While I know that copyrights on open source products expire. I have never come across anything regarding licenses, this lead me to ask this question:

My Question:

Can licenses expire?

If yes, under what conditions? Is there a time limit? If no, why do copyrights expire but not licenses?

2 Answers 2


Licenses exist to specify rights that the copyright-holder gives to license-holders; they only have meaning within the context of copyright legislation. So when copyright expires, the limitations linked to copyright expire as well, and the need for a license disappears. You could view this as meaning that a license expires when all the copyrights on the work it licenses expire themselves.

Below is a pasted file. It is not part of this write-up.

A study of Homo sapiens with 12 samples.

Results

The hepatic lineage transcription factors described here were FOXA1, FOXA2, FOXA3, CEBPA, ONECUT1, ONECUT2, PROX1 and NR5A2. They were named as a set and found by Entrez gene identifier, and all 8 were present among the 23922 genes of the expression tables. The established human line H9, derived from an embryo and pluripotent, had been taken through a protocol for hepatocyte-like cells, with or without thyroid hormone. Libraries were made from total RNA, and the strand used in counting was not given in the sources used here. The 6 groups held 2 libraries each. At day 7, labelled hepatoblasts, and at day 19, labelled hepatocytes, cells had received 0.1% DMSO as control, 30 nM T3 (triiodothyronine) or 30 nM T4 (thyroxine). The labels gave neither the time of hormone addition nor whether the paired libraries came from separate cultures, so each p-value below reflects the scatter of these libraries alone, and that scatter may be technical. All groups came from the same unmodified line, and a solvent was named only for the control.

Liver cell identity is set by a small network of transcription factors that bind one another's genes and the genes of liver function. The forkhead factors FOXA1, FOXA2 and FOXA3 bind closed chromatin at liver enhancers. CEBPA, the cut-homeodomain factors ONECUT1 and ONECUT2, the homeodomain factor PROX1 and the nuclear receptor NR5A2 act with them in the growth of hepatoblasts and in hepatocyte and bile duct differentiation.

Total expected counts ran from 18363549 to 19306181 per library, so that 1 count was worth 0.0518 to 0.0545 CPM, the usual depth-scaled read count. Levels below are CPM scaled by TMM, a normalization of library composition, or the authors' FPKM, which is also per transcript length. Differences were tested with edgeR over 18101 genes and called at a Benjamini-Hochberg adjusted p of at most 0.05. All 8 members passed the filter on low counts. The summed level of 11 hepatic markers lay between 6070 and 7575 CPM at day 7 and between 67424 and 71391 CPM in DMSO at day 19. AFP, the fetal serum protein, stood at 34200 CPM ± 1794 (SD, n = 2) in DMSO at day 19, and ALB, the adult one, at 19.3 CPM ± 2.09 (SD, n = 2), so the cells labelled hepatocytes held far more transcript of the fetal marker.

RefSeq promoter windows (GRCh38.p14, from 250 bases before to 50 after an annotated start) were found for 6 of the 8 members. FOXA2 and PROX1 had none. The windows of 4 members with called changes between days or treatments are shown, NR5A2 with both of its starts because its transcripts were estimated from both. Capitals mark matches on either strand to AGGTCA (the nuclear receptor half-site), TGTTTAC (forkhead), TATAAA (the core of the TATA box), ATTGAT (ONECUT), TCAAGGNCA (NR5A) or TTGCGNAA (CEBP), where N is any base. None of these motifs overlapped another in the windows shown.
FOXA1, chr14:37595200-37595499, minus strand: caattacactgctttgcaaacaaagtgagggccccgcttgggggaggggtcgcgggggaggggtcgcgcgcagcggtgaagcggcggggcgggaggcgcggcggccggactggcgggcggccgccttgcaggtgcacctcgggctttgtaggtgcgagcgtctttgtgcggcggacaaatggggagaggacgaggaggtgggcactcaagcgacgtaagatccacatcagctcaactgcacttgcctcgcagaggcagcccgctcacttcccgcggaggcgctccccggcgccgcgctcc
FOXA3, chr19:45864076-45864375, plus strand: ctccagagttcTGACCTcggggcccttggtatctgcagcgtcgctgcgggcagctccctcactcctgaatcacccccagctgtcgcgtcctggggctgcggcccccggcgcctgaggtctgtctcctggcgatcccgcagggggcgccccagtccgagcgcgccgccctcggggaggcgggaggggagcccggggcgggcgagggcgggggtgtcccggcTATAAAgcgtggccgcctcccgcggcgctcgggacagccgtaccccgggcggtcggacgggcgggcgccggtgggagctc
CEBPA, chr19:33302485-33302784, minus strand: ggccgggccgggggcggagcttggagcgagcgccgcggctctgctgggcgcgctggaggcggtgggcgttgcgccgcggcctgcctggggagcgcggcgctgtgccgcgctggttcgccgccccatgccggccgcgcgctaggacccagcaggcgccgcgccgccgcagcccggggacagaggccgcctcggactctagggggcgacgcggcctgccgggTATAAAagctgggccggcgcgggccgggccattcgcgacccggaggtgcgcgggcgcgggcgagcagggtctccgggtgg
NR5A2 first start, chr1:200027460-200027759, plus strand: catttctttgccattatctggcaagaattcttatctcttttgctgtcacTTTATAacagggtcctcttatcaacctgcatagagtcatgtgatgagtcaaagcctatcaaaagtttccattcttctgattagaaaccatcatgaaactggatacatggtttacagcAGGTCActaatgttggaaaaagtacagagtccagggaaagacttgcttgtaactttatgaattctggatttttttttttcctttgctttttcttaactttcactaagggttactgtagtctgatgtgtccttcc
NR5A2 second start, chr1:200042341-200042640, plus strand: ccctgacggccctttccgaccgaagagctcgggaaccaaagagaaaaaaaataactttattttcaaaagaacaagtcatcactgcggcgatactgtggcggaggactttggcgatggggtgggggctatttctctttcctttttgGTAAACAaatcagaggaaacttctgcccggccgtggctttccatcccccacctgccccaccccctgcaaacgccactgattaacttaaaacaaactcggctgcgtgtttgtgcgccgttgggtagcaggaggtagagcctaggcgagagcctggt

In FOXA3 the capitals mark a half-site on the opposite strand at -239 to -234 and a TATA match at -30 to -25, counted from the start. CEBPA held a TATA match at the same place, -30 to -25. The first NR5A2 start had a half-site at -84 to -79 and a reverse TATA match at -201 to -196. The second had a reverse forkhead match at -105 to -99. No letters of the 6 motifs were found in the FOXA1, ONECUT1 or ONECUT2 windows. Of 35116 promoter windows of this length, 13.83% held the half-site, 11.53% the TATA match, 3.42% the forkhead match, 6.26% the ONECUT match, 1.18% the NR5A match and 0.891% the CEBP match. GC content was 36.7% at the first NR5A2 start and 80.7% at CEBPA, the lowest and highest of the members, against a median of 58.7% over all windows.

Once a work is in the public domain you don't need a license; you can do anything you like with it.

It is possible to specify termination clauses in licenses, but that's not quite the same as expiration. You could write a license with an end date (but that wouldn't qualify as a free / open source license, unless upon termination it reverted to another free / open source license). The GPL v3 includes a termination clause (section 8), but it only terminates the license for people who violate the license terms (so it's not expiration).


In general, a license can be for a limited time.

All open source licenses are perpetual licenses. Neither the FSF nor the OSI consider non-perpetual licenses for certification.

When the copyright expires, the license is redundant, as it can't enforce any conditions anymore.